When your body is extra sensitive to a substance, it will respond in the form of an allergic reaction. Whether it’s a food allergy or pollen in the environment that causes hay fever, allergies are enough to drive anyone insane.
Here are a couple of tips we have put together to help you cope.
1. Is it actually an allergy?
First establish whether your lingering sinusitis symptoms are a cold or allergy. It is easy to misdiagnose yourself and cover up the symptoms with over-the-counter solutions instead of getting to the root of the problem.
One of the best indicators whether sinusitis is caused by a viral infection or an allergy is the duration of your symptoms. Cold or flu symptoms caused by a viral infection will clear up in anywhere between a few days up to a week or two, but the symptoms of seasonal allergies can last for months.
If you experience sinusitis symptoms, such as headaches and congestion, a doctor will differentiate between acute sinusitis, which lasts for less than three weeks and is often infectious, and chronic sinusitis, which can last for months and is mostly likely caused by allergies.
An allergy will also most likely be accompanied by an itchy throat, eyes or ears, whereas this isn’t always present in a cold.
2. Start taking your allergy medication before your symptoms kick in
Dr Adrian Morris, Health24's resident allergy expert, suggests taking antihistamines before the beginning of pollen season so that you can start building tolerance before the dreaded symptoms start.
According to Dr Andrew Murphy, allergy specialist at Chief County Hospital, Pennsylvania, you should take your medication at least 30 minutes before heading outdoors. You should also check in with your medical professional if you feel that your medication no longer controls your symptoms so that this can be adjusted according to your needs.
3. Clean, clean and clean some more
The less dust and pollen in your house, the better. Vacuum often, consider replacing carpeted floors with hardwood or tiles and make sure that those often-overlooked nooks and crannies, such as skirting boards, are regularly wiped off. Be careful of mould, especially in damp, rainy environments.
4. Do not underestimate the use of a neti pot, steam or sinus rinse
Steam, humidity and heat break down the mucus and relieve congestion, and many doctors will recommend steaming or a sinus rinse to relieve your symptoms.
Want to give a neti pot a go? It's even better than steam on its own, say the medical experts. "Nasal irrigation is foundational in sinus care," says Dr Len Horovitz, an internist at Lenox Hill Hospital in New York City. "Saline solution can be easily mixed and utilised with a neti pot or other irrigation devices. Simple saline mists only moisturise, while steam can cause swelling of membranes. Heat provokes swelling, so that can be harmful."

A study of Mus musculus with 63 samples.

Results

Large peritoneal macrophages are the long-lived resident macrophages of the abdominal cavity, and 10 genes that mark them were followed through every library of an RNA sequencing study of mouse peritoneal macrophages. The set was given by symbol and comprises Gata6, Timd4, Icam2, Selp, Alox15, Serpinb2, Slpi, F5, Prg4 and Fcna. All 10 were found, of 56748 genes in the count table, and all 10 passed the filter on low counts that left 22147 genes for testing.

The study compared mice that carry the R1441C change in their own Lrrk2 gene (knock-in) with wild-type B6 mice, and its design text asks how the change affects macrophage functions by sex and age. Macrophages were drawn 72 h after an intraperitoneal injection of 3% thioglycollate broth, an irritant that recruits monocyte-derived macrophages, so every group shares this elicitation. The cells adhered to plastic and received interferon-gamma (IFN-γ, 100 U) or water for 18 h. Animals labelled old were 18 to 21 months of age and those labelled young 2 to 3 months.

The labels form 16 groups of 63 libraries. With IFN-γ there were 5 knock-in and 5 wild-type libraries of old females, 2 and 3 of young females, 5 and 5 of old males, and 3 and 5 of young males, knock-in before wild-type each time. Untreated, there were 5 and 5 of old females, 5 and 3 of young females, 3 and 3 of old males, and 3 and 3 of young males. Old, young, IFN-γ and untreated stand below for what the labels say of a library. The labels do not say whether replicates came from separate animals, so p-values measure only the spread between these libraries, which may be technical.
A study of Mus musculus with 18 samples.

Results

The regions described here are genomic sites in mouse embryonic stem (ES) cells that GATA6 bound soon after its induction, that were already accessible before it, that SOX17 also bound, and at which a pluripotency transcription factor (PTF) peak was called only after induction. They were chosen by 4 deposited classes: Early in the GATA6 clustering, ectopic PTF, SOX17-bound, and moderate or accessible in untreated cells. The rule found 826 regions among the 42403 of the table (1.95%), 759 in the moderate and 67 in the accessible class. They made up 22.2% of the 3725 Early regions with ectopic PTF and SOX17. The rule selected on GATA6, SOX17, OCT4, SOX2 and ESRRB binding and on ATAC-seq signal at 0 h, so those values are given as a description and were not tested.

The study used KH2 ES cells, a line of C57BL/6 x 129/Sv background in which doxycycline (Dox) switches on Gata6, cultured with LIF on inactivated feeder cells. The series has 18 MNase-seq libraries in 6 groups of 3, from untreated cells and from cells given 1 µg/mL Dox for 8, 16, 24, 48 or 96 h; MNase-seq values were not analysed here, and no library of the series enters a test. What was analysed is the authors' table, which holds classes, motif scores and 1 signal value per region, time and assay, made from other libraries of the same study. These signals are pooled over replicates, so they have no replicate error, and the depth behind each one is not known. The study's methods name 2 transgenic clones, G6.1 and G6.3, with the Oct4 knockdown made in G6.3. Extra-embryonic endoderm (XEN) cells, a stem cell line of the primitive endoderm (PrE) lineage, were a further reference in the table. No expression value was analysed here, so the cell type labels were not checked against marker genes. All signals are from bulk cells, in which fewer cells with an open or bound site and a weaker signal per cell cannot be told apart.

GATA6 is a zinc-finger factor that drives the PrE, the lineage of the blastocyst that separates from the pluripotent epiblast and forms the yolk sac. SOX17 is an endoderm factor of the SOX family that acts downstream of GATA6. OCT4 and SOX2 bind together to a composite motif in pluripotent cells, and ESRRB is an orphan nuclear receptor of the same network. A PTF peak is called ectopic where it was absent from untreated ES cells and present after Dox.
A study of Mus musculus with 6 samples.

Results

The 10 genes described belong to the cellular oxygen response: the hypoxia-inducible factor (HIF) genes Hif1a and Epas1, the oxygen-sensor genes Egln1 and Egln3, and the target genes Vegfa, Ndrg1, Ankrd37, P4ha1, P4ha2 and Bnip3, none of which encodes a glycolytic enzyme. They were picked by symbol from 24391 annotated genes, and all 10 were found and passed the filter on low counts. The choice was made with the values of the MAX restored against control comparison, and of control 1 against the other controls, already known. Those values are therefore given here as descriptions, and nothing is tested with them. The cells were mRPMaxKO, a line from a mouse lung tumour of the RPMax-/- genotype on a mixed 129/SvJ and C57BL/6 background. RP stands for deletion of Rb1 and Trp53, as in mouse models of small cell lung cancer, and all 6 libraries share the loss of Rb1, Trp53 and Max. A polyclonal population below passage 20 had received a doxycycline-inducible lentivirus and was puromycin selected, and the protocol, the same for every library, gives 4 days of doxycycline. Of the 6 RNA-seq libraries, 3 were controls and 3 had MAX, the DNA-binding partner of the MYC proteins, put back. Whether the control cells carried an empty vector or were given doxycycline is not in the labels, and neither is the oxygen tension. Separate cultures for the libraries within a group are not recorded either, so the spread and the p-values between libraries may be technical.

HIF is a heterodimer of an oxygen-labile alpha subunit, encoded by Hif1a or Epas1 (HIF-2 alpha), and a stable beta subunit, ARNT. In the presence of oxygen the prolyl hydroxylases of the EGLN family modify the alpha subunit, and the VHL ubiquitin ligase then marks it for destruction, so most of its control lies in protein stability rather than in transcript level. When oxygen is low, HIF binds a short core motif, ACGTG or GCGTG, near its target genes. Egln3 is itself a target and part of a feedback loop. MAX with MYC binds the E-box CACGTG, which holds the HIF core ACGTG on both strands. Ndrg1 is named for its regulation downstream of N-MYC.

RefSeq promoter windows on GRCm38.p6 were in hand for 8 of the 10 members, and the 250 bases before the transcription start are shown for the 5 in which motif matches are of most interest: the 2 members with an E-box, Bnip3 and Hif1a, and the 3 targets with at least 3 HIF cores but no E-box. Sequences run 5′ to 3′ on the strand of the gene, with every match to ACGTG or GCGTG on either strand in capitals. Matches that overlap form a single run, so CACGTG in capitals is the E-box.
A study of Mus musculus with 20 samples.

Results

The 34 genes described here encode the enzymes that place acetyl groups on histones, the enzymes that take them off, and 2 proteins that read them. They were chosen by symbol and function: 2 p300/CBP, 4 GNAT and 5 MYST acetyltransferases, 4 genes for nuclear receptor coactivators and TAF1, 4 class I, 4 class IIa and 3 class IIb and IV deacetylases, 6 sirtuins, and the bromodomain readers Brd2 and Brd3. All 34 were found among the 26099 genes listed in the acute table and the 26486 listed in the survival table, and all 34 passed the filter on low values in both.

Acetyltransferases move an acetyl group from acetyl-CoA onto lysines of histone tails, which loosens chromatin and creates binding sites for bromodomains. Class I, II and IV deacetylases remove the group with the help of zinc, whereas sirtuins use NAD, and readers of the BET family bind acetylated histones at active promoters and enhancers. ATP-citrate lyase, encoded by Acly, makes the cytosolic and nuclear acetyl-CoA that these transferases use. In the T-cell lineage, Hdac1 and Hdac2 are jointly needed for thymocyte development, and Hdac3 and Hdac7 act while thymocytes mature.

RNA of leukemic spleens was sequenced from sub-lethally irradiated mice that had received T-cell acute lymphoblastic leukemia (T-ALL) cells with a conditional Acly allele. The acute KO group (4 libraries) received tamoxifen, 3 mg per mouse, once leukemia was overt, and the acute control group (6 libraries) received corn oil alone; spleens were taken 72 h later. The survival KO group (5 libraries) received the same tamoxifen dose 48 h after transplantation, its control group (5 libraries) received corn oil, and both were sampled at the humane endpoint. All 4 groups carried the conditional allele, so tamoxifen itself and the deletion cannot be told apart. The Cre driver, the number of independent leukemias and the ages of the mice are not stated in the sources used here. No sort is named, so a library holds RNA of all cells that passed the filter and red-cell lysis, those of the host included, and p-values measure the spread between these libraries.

5. Consult your doctor for any form of persistent cough or chest problem
Even if you think your cough is caused by nasal drip, you should consult your doctor to rule out any infections or an underlying medical condition, especially if you are physically active and exercise frequently. Any tightness in the chest can also point to asthma, which can be treated with an inhaler.
Dr Keertan Dheda, Health24’s resident cough expert, says that it’s especially important that a cough that lasts longer than four weeks be checked out as there are specific illnesses that need to be excluded.
6. Learn how to read food labels carefully
Do you suffer from a food allergy? Learn how to spot hidden allergens in processed products. Usually it is required that the top eight food allergens are listed on packaging (milk, egg, peanuts, tree nuts, wheat, soy, fish, shellfish), but where regulations aren't as strict, these ingredients may be missed.
7. Scrub the day off
Take off your shoes, have a shower and change your clothes as soon as you step inside the house. This will minimise the amount of pollen you bring indoors.
8. Invest in a dehumidifier
You have probably been told that a humidifier will improve your breathing, but a dehumidifier could actually work better if your allergies are triggered by dust or mould, especially in a humid area.
9. Know your indoor triggers
Don’t just assume that it’s pollen and dust from the outside that’s messing with your allergies. Factors like dust mites, pet dander and mould can make allergies worse. Know what your triggers are and try to minimise these allergens inside your home by cleaning regularly.
10. If all else fails, consult an allergist
If you’ve tried countless over-the-counter remedies and tips but nothing seems to be working, it might be time to call in the big guns. Allergy specialists can do testing to determine the exact triggers of your allergies. Dr Morris runs his own allergy clinics from Cape Town and Johannesburg where these tests are done.